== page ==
A normal day in the lab usually begins with checking on my 293T cell lines to see if they are confluent enough to passage to a new plate. If the cells are 80-90% confluent, then I will thaw my media and trypsin, prepare the cell culture hood and then passage 10% of my cells to a new plate so that they don’t become overconfluent and die. I usually need to split my cell lines every other day.
After I do this, sometimes I will have a mini prep or a midi prep of bacteria with my designed gRNA plasmids culturing in the incubator overnight, so I will take that out of the 37° shaker. I will begin the protocol by centrifuging the tubes with my transformed bacteria for 10 minutes, so during this time I check in with my mentor. We will go over the procedures I will need to do that day and why they are necessary for my project. This is usually a good time for me to ask questions about the various protocols for the day’s tasks and be sure I understand each step. After this check-in, I carry on with the mini prep, or whatever procedure I need to complete first for the day.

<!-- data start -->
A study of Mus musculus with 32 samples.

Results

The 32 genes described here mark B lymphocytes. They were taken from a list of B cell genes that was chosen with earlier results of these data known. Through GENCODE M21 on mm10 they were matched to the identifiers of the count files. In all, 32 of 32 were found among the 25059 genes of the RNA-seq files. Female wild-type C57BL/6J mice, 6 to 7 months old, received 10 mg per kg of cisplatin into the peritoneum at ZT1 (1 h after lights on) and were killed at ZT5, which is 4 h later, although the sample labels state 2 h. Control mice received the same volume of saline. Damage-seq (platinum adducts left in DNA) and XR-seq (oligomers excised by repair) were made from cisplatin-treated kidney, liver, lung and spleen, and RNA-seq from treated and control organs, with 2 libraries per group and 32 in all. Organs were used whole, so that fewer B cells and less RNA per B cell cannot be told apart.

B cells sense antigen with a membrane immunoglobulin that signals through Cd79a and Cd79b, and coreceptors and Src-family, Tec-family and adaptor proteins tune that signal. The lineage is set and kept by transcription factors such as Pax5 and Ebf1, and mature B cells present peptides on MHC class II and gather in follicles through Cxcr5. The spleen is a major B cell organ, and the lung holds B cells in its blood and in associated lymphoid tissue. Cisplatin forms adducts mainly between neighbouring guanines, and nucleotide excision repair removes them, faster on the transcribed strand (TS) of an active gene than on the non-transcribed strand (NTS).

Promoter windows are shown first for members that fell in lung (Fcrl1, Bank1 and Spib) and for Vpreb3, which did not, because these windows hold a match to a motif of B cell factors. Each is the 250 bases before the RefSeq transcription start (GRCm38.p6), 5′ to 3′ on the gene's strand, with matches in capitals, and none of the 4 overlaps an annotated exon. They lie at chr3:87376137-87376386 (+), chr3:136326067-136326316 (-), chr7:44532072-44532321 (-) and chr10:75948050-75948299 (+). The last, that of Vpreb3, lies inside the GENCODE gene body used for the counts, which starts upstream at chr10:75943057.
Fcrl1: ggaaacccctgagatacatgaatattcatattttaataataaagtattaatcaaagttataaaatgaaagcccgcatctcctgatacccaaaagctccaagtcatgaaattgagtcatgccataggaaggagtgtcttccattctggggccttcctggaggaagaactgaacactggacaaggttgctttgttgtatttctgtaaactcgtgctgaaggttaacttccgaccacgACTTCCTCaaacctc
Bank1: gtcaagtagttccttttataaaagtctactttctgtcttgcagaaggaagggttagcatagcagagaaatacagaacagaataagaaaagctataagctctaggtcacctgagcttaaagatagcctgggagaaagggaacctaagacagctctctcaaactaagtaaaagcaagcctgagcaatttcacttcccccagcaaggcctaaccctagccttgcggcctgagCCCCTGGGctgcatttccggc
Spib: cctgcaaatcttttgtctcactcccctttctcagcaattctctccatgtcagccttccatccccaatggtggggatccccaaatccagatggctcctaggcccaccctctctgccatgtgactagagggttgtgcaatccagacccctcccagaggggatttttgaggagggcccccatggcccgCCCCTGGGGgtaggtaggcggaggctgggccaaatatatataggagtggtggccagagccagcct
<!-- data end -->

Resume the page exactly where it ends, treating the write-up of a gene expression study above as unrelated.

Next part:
By the time I am done with the day’s first assignment, it is usually time for lunch. Some days, the lab will all go out to lunch or someone will order pizza for everyone. These are the best days because I get to hear about the cutting-edge research they do and also get to know them outside of the lab setting. After lunch, I will complete the rest of my tasks, whether that includes transfecting cells, changing media, harvesting cells, PCR, restriction digests, surveyors or designing new guides for my project.
Before I leave for the day, I will transform one of my plasmids into competent cells or start a mini prep from bacterial plates that I have already prepared. This is done at the end of the day so that the bacteria can grow overnight. Overall, the lab is a relaxed, collaborative environment where I don’t feel afraid to ask questions.